Forever Friends

Hamilton man teams up with actor for new TV show

This copyrighted article originally appeared in the The Times of Trenton and

By Christina Sturgis/The Times

Forever Friends TV Show.JPG
Actor Chris Burke and John DeMasi rehearse for their online children’s TV show Forever Friends, Hamilton, NJ, March 9, 2012.

Hamilton resident John DeMasi discovered Chris Burke’s love of the limelight and his ability to connect with an audience years before Burke became the first actor with Down syndrome to star in a television series — a late ’80s and early ’90s show called “Life Goes On.”

DeMasi’s friendship with Burke, which began at Camp ANCHOR on Long Island in the late 1970s, turned him into an advocate for the disabled and pushed him in new directions as a musician.

Now, Burke and DeMasi are collaborating again on “Forever Friends,” a children’s television program that shows how people with disabilities can be included in fun and friendship. Burke and DeMasi and DeMasi’s brother, Joe, portray musicians who travel from gig to gig in a magic yellow bus.

At the end of each episode, the fun and music stop for a moment and Burke addresses the camera directly, “I may have a disability. I may have Down syndrome, but I have the ability to be your friend.”

Two episodes are available at the website, but DeMasi would like to bring it to television and a wider audience.

Burke recently came down to Hamilton from New York City, where he works three days a week as goodwill ambassador to the National Down Syndrome Society, to rehearse some tunes for “Forever Friends.”

In DeMasi’s Hamilton home, the longtime friends reminisced about meeting years ago when Burke was a camper and DeMasi was a volunteer at Camp ANCHOR — which stands for Answering the Needs of Citizens with Handicaps through Organized Recreation — in Hempstead, Long Island.

DeMasi and his brother, Joe, heard about the camp for kids with disabilities from a friend in their orchestra.

“I had no preconceived notions,” DeMasi recalled. “Before I went to the ANCHOR program, I had never met people with disabilities. They really touched my heart. They are so loving, real and nonjudgmental.”

DeMasi described the ANCHOR counselors and campers alike as pioneers. Parents had just begun to reject institutionalized care for disabled youngsters and raise them at home, but how to keep them constructively engaged during the summer was a question that hadn’t been answered yet.

At Camp ANCHOR, the DeMasi brothers took up the guitar to lead sing-a-longs. Then, they discovered the campers were more interested in being entertainers than in being entertained.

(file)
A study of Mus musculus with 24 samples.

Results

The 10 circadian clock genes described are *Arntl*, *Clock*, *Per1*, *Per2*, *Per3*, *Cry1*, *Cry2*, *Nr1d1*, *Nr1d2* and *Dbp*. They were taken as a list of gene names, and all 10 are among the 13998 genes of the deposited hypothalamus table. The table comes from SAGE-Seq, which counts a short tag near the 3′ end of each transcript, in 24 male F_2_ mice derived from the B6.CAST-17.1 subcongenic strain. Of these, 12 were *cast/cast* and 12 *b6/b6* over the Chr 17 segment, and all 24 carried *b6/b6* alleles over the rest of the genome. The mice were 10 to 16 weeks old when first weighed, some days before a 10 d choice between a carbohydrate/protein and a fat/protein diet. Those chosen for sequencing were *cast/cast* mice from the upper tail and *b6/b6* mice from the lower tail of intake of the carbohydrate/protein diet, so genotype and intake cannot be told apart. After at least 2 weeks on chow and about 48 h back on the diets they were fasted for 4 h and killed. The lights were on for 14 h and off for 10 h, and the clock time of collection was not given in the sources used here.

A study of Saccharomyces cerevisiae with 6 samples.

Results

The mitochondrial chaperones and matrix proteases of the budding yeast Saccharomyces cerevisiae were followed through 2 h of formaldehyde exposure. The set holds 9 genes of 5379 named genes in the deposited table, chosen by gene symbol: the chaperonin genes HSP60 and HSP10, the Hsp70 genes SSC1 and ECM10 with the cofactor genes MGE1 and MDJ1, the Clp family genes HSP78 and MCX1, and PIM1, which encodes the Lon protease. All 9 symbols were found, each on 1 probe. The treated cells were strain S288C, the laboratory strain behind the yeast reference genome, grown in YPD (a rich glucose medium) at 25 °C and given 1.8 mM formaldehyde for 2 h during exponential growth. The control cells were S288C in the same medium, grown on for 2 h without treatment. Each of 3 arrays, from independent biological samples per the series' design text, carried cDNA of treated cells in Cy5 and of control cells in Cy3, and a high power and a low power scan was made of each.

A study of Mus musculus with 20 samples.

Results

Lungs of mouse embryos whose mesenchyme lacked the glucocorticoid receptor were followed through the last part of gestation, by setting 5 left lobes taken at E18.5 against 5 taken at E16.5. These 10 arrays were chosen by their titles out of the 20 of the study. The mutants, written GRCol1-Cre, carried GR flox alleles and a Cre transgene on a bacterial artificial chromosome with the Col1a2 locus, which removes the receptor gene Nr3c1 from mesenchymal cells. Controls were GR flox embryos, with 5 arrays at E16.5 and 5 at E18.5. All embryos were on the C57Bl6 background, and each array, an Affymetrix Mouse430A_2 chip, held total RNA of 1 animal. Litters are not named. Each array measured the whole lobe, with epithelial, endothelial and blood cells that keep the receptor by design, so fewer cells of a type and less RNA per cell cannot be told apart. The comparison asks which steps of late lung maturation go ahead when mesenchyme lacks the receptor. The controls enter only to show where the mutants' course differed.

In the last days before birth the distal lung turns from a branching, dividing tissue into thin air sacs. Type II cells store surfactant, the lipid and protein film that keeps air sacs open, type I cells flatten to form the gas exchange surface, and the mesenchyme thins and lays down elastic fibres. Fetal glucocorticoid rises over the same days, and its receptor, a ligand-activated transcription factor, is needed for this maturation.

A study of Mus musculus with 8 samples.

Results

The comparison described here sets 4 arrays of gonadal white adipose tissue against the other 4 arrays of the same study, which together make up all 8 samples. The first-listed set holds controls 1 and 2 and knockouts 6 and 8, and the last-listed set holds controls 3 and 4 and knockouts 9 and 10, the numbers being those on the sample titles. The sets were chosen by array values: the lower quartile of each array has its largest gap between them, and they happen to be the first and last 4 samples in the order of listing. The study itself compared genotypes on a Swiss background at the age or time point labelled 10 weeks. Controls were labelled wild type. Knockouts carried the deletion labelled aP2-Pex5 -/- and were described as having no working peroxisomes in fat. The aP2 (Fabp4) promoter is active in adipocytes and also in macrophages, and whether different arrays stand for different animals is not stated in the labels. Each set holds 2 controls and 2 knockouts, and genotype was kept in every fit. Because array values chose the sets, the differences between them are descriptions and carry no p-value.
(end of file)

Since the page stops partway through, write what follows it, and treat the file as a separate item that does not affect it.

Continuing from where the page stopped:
So with the help of some video cameras and the camp’s loudspeakers, ANCHOR came alive with music videos, television commercial spoofs, and disc jockeys.

As they rehearsed and reminisced in Hamilton, DeMasi uttered the phrase “disc jockey,” and Burke burst in from another room with a sample of his on-air patter. “I’m Chrissy Burke and I’m bringing you the hits of the ’50s, ’60s, ’70s and ’80s at WANC, where we rock Lido Beach all summer long!”

“We did the Camp ANCHOR version of ‘We are the World,’ DeMasi said. “You should have seen Chris as Stevie Wonder.”

When a handful of tough guys at Camp ANCHOR had remained aloof, DeMasi found out the playlist was the sticking point.

“You don’t play the kind of music we like,” one boy said.

“Not a problem,” DeMasi said, inviting the tough guys to rap like gangsters, scratch the records and play heavy metal tunes.

DeMasi stayed in touch with Burke long after he left Camp ANCHOR for a career as a professional musician, playing weddings and working in recording studios. Burke came to hear DeMasi and his brother play their original songs at gigs around New York City and cheered for them on an “American Idol” precursor out of Nashville called, “You Can Be a Star.”

The DeMasi brothers returned the favor, cheering for Burke when his acting ability came to the attention of television producer Michael Braverman, who built the show, “Life Goes On,” around him, DeMasi said. In “Life Goes on,” which ran from 1989 to 1993, Burke’s character, Corky, was a teenager in the process of transitioning to a mainstream high school.

As “Life Goes On” wound down, a new trio was born: Chris Burke with Joe and John DeMasi, The singers brought their message of inclusiveness to audiences of disabled people, their families and their advocates.

Playing off a line from the Beatles tune that served as the theme for “Life Goes On,” their tagline was: “Everyone can be a singer in the band.”

Burke and DeMasi still play off each other like old friends. As Burke rattled off his television appearances since “Life Goes On,” he mentioned a turn on “The Commish,” a TV series that aired on ABC from 1991 to 1996.

“That’s the Commish, not the knish,” he said, explaining that the Jewish delicacy is DeMasi’s favorite treat to buy from street vendors in New York.